Bush and War Aftermath

Two USA Today/CNN/Gallup polls published Tuesday were instructive.

One showed two-thirds of all Americans supporting President Bush’s war on Iraq. The other showed Bush’s 2004 re-election prospects less than rosy: In a hypothetical match up with an unnamed Democrat, 45 percent of voters queried said they preferred Bush, and 42 percent opted for the “generic” Democrat.

The outcome of the looming war, of course, will almost certainly affect those re-election numbers in the months ahead.

In the short term, if history is any guide, they will probably go up. Americans always rally around their presidents in times of war, at least initially.

But experts say that how a war is executed — its duration, the number of casualties, and the aftermath at home and abroad — are better barometers of a president’s ultimate political fate.

In Iraq, the United States is expected to achieve a swift and decisive military victory. But at what political and geopolitical cost? What hazards will a war waged without broad international support unearth when it comes to homeland security and long-standing diplomatic alliances?

“What matters for Bush is not what people think now or six months from now, but what they think 16 months from now,” said Allan Lichtman, an American University history professor. “Opinion can turn easily in time for the 2004 election. The question is, what price victory and what happens next? That’s why this is a political gamble for Bush. He will pay a price or get the political credit as much from the aftermath of the war as the war itself.”

Twentieth-century history is a useful guide. President Woodrow Wilson won re-election as the peace candidate in 1916, but half a year later, the United States was embroiled in World War I. In 1918, American voters installed Republican majorities in Congress that were to last until the Great Depression.

In 1920, the GOP-led Senate rejected the Treaty of Versailles, which Wilson promoted, and several months later the country sent former Ohio Sen. Warren G. Harding (R) to the White House.

Despite electing President Franklin D. Roosevelt to an unprecedented third term in 1940, just as World War II was spreading through Europe and Asia, the Democrats lost 29 House seats and nine Senate seats in the mid-term elections just two years later, after the United States had entered the war. But Roosevelt recovered to win a fourth term in 1944, as Republicans’ growing isolationism and lack of coherent foreign policy hurt them while the war raged on. In that same election, the Democrats regained 29 House seats, though they made no gains in the Senate.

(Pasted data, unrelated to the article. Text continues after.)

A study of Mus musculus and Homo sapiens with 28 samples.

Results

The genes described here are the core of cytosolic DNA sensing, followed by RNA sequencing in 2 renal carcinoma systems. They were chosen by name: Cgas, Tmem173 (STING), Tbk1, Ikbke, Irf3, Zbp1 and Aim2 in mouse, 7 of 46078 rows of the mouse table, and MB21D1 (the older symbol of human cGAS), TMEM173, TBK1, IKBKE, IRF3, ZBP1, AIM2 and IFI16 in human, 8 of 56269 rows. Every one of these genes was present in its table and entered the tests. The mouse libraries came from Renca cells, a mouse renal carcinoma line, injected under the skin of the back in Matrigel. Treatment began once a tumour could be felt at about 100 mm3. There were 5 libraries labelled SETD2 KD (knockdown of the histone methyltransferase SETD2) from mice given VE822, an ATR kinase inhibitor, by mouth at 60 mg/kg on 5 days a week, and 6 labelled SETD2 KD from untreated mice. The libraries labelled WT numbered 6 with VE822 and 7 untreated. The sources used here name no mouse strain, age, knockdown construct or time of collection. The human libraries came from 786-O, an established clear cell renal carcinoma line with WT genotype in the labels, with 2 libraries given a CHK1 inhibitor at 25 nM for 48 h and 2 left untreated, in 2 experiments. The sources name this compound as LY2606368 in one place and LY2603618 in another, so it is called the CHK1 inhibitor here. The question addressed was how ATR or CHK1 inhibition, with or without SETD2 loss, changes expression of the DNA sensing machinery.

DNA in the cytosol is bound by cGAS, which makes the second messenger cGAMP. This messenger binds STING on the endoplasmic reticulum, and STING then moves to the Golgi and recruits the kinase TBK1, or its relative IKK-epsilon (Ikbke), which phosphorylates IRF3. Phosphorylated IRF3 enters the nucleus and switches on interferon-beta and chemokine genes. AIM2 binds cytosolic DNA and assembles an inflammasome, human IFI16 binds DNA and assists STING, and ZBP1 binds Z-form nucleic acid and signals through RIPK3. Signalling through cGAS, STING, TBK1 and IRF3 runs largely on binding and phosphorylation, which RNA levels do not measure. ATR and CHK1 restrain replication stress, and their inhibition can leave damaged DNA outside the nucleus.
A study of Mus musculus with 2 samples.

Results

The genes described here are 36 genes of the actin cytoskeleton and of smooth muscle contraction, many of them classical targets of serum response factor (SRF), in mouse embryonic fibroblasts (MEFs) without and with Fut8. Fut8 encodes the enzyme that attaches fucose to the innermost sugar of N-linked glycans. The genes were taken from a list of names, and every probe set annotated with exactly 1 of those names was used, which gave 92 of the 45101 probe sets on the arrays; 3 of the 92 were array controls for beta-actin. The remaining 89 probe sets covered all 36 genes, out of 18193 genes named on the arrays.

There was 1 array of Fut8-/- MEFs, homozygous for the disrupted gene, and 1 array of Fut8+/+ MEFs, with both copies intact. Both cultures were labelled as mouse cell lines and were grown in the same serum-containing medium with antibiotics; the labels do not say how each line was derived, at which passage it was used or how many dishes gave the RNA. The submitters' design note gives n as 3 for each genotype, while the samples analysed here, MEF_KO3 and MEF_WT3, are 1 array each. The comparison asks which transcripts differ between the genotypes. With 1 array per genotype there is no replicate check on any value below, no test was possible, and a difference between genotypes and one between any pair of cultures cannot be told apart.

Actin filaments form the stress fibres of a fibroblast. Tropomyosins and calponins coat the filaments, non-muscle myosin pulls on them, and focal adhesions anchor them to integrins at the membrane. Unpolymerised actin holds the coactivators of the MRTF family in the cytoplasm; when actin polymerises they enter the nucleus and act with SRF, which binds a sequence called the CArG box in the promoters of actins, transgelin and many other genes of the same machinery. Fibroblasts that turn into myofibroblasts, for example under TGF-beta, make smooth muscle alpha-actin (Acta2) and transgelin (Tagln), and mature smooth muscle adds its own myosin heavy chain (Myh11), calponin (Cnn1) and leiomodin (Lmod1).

In the early 1950s, Americans initially supported the Korean War, but after the Chinese became involved and President Harry Truman fired Gen. Douglas MacArthur, Truman paid the political price. The public’s disenchantment with the war was a major factor in Truman’s decision not to seek re-election in 1952. Not only was Dwight Eisenhower elected president that year, but the GOP gained 21 House seats and one Senate seat.

The Vietnam War has frequently been called a quagmire, and it was certainly that for Lyndon Johnson when he was president. Like Wilson before him, LBJ was widely considered the “peace” candidate in his landslide victory over Barry Goldwater in 1964, but things quickly began to unravel. The Republicans won smashing victories during the 1966 mid-term elections, and Johnson stunned the world by announcing that he would not seek re-election in March 1968. Republicans held the White House for five of the next six presidential elections.

The Persian Gulf War was a singular triumph for the first President George Bush in 1991, but a year later, with the economy in tatters, Bush wound up losing his re-election bid. That knowledge haunts many Republicans today.

Lichtman said Americans’ support for war tends to wane “either when the goals are not clear or when the objectives do not appear to be achieved.”

This was clearly the case in Vietnam and, to a lesser extent, Korea. Public opinion on Vietnam turned from positive to negative in the space of about 18 months, Lichtman said. Public opinion turned on Korea in less than a year (and many Americans thought it would lead to the outbreak of World War III).

In the era of 24-hour cable TV and the Internet, American opinion could turn a lot faster today.

Often, regardless of the military victory, a president’s full attention to war can hurt him on the domestic front, as the elder Bush learned so bitterly.

It is possible, Lichtman suggested, that when the war with Iraq is over, Bush will take a page from history and continue fighting somewhere else. When World War II ended, the Democrats — and Republicans — quickly pivoted to fight Communism. In much the same way, Bush may shift his attention from Iraq to the other members of his “axis of evil” — North Korea and, possibly, Iran.

The political outcome of this war is so hard to predict, Lichtman said, because the United States is in the unprecedented position of going to war without being attacked, without an ally or neutral nation being attacked, and without many allies in its corner.

“I call this a moment of historical discontinuity,” Lichtman said. “This is more profound than Vietnam. It’s probably the most profound period of discontinuity since the beginning of the Cold War.”

But if there are long-term political risks for President Bush, there are also short-term risks for the Democratic minority in Congress.

“Look at the pathetic Democrats — what are they going to do?” Lichtman mused. “They support Bush, they’re just tagging along. If they don’t support Bush, they hurt the war effort. Their voices aren’t being heard at all.”